Sweeney Todd at Human Race Theatre

By Jacqui Theobald

Photo: Rebecca Watson as Mrs. Lovett and Jamie Cordes as Sweeney in the 2016 production

It takes a village of superb technical designers and a crew to create the foggy town that was London in the 1830s. It takes a troop of energetic, multi-talented actor/singers to bring to life the citizens of Fleet Street: barber, baker, candle-maker.

A bit of nostalgia

The play is well known to Director Scott Stoney, who has performed the title character twice previously, and Jamie Cordes, who played the role of Anthony some 20 years ago.

Stephen Sondheim’s Tony-winning music and lyrics, book by Hugh Wheeler, original vintage 1979, are particularly complex and challenging. Music Director Sean Michael Flowers handles the difficult score and singers, in addition to conducting the unseen eight-person band.

Heading the terrific cast is Cordes as Sweeney. “I’m working hard to make sure Sweeney is human,” he says, admiring the complexity and unexpected humor of Sondheim, and performing the dark opera-like numbers with clarity and beauty.

Rebecca Watson brings such verve and energy to Mrs. Lovett, pie baker, with her music hall twang and dance; she almost makes the audience want to join in her world. She does a semi-cockney accent, making sure she remains understandable.

The plot

Sweeney Todd, who had another name when he was unjustly sentenced to exile in Australia by Judge Turpin, has returned to London planning justice for the crooked Turpin.  He discovers his own daughter, Johanna, has been Turpin’s ward when he befriends a young sailor, Anthony, who has fallen in love with the overly protected girl.

In cahoots with Mrs. Lovett, Sweeney becomes the demon, slitting throats and providing the filling for her meat pies. They turn out to be so popular with the public that the pair begin to enjoy a degree of financial comfort.

But Sweeney remains obsessed with killing Turpin although several twists prevent it, for a while.

Sub-plots include Turpin’s obsession with Johanna and his proclivity to place anyone who opposes him in an insane asylum. There are also the issues of vengeance, murder, cannibalism, and tragedy.

The rest of the cast 

David McDonald is the villainous Turpin, imperious and unrelenting. Secretively, he lusts for his ward, Johanna, singing of both his love for her and his own self-flagellating guilt. His voice is rich and powerful, and he brings a proper sense of evil to the judge.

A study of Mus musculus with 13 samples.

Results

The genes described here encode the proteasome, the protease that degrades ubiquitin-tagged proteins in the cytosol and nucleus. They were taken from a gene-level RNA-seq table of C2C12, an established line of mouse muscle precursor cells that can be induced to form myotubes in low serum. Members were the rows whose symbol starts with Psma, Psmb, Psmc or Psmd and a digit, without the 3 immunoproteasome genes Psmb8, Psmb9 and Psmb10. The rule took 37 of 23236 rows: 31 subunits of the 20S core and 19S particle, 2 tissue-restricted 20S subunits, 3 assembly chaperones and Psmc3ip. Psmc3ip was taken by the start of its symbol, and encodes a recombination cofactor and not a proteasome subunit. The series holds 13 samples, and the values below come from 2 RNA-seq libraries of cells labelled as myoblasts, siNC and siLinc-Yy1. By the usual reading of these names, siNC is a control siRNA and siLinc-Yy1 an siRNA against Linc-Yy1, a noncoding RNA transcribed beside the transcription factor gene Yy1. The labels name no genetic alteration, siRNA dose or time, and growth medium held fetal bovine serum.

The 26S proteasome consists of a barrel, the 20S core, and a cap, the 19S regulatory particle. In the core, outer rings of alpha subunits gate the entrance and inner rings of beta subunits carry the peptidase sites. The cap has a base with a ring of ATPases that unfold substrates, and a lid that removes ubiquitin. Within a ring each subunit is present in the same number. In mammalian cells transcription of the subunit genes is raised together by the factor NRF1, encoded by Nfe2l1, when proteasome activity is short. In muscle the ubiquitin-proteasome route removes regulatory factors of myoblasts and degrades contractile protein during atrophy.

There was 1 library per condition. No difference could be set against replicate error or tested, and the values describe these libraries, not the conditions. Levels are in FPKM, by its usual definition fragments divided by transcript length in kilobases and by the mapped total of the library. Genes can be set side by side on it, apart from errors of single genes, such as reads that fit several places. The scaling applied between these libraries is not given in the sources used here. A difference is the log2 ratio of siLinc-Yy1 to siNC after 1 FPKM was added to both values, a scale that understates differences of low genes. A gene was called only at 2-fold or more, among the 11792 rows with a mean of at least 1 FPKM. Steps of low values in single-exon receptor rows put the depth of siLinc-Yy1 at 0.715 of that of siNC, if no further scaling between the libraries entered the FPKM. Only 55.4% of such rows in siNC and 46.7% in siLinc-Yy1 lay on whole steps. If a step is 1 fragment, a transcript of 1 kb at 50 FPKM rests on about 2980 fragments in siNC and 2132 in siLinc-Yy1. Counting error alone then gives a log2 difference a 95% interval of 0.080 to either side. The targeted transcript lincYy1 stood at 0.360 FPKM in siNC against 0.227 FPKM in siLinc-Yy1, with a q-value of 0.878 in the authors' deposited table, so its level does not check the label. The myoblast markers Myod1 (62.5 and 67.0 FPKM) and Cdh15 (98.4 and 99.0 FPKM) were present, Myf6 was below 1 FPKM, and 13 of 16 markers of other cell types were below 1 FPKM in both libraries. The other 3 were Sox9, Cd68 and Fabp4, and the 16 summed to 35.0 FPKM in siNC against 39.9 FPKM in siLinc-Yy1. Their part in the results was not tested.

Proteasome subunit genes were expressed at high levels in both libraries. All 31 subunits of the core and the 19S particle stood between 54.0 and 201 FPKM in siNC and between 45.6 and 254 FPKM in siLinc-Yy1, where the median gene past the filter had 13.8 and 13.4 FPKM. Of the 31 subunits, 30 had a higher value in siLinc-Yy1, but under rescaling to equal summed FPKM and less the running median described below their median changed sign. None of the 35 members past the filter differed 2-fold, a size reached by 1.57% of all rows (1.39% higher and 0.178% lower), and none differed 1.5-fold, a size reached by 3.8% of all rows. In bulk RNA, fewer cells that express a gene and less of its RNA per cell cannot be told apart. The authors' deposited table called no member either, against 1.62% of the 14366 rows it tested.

The definitively named sailor, Anthony Hope, is played with clear optimism and a sense of hope by Zack Steele, a fine tenor. He’s love interest and hero, trusted by Sweeney—mostly.

Kimberly Hessler is the beauteous and luckless Johanna, whether clad in virginal white or disguised as a boy. Her voice is strong and up to the challenge.

Aaron Vega plays the Beadle with just enough menace to make him the judge’s loyal compatriot. Vega can play most any role convincingly.

An ensemble of eight completes the cast, playing a variety of parts and bringing strength to the musical numbers.

The crew

Scott Kimmins is technical director. The set by Dan Gray is complex, functional, creative, and dependent on unbelievable timing. That it fulfills all the necessary requirements while being elegant and appropriate to several different settings working within the fairly small space is a marvel. Stoney also uses the side aisles and the space at the top of the house.

Eric Moore, Darion Lee, Ryan Sess, and Ray Zupp built the revolving, two-level, two-sided set. It is rotated by a pair of stage hands working precisely, impeccably timed, cued, and activated.  It includes a sort of chute that victims are dumped through and an oven emitting fire and smoke. Walking in the opposite direction on a moving stage is a balance challenge to the actors. They were well rehearsed to overcome their hesitation.

A backdrop of high windows indicates the time of the Industrial Revolution, as well as reflecting a burning city at one point. Many other careful details enrich the sense of the era.

Heather Powell, properties master, has outdone herself. She designed and made the barber chair that propels Sweeney’s victims below the set. She fashioned a device that oozes her hand-made blood along the edge of the butcher’s razor as he slits throats. They work. She made ‘meat’ pies in her own kitchen but does not advise eating them.

Kristen A. Sutter is the hard-working, very precise, very effective stage manager who leaves nothing to chance.

Jay Brunner is sound designer, both bold and subtle. When it’s this good, the audience barely takes note, so naturally does it work. The blast of a factory whistle is the loud exception.

John Rensel creates the lighting, essential to the show’s many moods. He’s also responsible for the water vapor, non-toxic fog.

It took half a dozen costume shop workers to carry out Janet Powell’s costume designs for the large cast.

Choreographer Tracey Bonner creates lively movement.

Stoney notes the similarities to some of today’s shootings possibly motivated by similar loss and frustration.

Gina Keucher, a fan of Sweeney, sums it up: “When I first saw it, I thought this is weird. They’re doing what? Then, I began to get it and just loved it.” Keucher is a baker’s wife who knows how to wield a long knife.

That “Ballad of Sweeney Todd” just gets in your head and stays there.

Sweeney Todd: The Demon Barber of Fleet Street runs through Sunday, Oct. 2. Thursday, Friday, and Saturday shows begin at 8 p.m. Tuesday and Wednesday shows begin at 7 p.m. Sunday matinees, at 2 p.m. Tickets range from $25, 45, $50 for adults; $25, $43, $46 for seniors. (Some special pricing may be available.) For more information, please call 937.228.3630 or visit TicketCenterStage.com or HumanRaceTheatre.org.

Reach DCP theatre critic Jacqui Theobald at JacquiTheobald@DaytonCityPaper.com.